Agnostic, Consulting, Intelligent Automation
How easily can you identify a poor process flow?
Going back a good few years there was a guy I worked with who decided to become a cheque for the day.
This guy stapled a cheque to his shirt as he wanted to understand the process flow of dispatching a refund to a customer. He stood at a desk for over an hour until he got ‘picked up’ and keyed into the system, and then being whisked down to the mailroom to wait to be bagged and couriered across to another office, in a different county, where further admin (mostly checking) took place.
The flow showed that the cheque was handled by an admin team, 2 mailrooms, and travelled a total distance of 30 miles before being collected by the postal service a day after.
The guy was discovered many weeks later in the banking system – he’s never been the same since.
So, what did this exercise conclude? He found that there was an unnecessary waste in the process that could be eradicated with relative ease, improve the flow, and get the cheque to the customer faster whilst reducing the cost.
At this point, you can be forgiven for thinking, why? Why did a company implement such a poor process flow?
Poor process flows are rife. They may not have been to begin with, but over time processes change and are not always reviewed.
To help you identify poor process flows in your organization, I have listed out 5 contributors, which in my experience, cause a lot of pain for the customer, internal and external.
Where Process owners are not defined, agreed, or even known (yes, some people don’t even know that they own a process), then there is no one responsible for the management of that process.
A Process owner must be a subject matter expert and, in a position, where they know and feel how the process is performing. The Process owner can communicate effectively with other teams who influence the process (or are a recipient of the process), and they engage well to change and have a mindset for improvement and implementation.
You’ve heard the saying “you can’t see the wood for the trees”, right? Processes are the same. If you haven’t seen the process in action or don’t have the process documented, how do you know what’s happening and how good it is? More to the point, how do the Users know what the process is to follow?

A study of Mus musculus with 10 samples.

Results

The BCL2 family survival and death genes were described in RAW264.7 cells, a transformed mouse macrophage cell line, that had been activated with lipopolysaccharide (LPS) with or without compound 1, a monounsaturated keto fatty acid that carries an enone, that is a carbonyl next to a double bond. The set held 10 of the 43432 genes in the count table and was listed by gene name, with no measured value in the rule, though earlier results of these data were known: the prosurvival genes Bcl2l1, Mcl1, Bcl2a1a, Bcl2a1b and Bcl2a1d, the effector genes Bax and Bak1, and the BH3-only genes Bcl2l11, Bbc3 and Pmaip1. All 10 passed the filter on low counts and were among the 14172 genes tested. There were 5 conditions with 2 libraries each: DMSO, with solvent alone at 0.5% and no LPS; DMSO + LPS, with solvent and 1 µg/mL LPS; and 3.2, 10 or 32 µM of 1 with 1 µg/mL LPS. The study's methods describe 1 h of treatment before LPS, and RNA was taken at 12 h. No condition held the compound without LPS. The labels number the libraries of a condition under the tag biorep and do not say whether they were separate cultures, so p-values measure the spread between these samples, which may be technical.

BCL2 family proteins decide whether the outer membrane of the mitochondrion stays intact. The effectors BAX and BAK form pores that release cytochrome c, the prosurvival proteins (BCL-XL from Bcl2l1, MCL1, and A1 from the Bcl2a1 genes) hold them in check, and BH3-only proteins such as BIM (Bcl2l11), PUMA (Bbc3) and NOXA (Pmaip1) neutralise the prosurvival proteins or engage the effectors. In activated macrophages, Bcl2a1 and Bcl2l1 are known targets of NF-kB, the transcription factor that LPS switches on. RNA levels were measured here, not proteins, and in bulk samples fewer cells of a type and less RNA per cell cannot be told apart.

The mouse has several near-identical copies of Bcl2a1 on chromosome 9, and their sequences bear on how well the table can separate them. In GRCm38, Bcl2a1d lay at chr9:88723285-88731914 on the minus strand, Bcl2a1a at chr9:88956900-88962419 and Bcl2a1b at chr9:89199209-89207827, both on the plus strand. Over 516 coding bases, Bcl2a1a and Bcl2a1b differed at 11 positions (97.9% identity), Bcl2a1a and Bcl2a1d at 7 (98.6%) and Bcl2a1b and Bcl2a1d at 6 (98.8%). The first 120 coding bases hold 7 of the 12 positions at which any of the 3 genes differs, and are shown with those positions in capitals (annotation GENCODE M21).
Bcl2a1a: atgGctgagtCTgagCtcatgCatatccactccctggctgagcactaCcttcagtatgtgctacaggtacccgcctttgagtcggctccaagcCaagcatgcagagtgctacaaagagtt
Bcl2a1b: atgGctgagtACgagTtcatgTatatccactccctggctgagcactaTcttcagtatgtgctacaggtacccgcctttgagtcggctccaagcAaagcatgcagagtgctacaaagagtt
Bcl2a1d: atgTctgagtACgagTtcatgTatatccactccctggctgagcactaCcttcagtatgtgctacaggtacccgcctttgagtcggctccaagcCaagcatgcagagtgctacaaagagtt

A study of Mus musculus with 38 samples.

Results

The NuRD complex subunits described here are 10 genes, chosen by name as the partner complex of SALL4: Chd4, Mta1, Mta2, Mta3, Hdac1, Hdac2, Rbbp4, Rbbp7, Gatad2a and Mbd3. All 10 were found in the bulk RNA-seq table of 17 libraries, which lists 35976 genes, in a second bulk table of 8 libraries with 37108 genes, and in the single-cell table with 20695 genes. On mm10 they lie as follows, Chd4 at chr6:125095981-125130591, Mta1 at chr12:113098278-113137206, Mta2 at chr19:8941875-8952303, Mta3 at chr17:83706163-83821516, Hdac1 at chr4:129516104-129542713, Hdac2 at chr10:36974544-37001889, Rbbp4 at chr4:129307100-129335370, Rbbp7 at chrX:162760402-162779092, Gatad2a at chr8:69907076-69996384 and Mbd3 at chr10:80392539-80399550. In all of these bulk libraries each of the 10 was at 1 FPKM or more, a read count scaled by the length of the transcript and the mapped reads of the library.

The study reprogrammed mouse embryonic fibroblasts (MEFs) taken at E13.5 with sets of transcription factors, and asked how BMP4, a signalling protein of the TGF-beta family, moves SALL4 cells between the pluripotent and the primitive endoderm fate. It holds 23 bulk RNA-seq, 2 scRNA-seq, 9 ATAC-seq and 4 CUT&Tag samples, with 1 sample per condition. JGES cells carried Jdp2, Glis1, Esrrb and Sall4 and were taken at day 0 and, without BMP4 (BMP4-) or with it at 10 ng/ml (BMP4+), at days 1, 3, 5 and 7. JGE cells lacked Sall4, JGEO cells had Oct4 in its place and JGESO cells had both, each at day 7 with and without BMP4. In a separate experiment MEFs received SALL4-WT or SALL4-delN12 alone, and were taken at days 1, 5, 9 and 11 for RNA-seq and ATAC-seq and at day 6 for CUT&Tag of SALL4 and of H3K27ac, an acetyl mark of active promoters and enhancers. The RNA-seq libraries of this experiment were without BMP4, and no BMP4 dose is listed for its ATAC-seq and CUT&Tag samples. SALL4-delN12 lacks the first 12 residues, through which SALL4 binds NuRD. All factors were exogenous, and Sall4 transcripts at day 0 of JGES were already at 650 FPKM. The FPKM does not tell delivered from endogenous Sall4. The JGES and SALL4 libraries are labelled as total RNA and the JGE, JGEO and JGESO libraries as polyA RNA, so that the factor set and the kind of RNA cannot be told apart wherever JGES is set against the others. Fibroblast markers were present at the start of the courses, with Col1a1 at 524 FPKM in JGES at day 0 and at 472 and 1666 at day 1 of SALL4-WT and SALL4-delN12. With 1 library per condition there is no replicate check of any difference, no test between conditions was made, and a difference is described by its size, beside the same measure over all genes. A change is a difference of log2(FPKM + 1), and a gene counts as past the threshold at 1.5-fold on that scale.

Like the ‘cheque man’, you don’t know what’s going on in a process until you walk it, observe it, measure it and document it. Then have agreed periods where the process will be reviewed to identify any natural deviation that can creep in. Having a process drawn out on a wall with a group of people huddled around plotting the value and non-value-added activity, is vital to its long-term success.
These things are bad. But what are they? A silo could be described as a couple of things:
Silos cause so many problems for the people who work the process, and the poor customer is the one that gets forgotten about.
Some processes by the very nature are complex, but there are many processes I have reviewed that are unnecessarily complex. So, what are the contributors to a complex process?
Great news! You’ve won a new client.
They are different from the rest of your clients and therefore require different processes. The bad news is that you have an inflexible system that costs you millions of pounds to change. You cannot adapt the system to meet the new client requirements and therefore, your team gets creative and implements workarounds until funding becomes available for a new system.
5 years later…. The result
I hope you’ve found this read both useful and enjoyable and will help you in your digital and process improvement journey.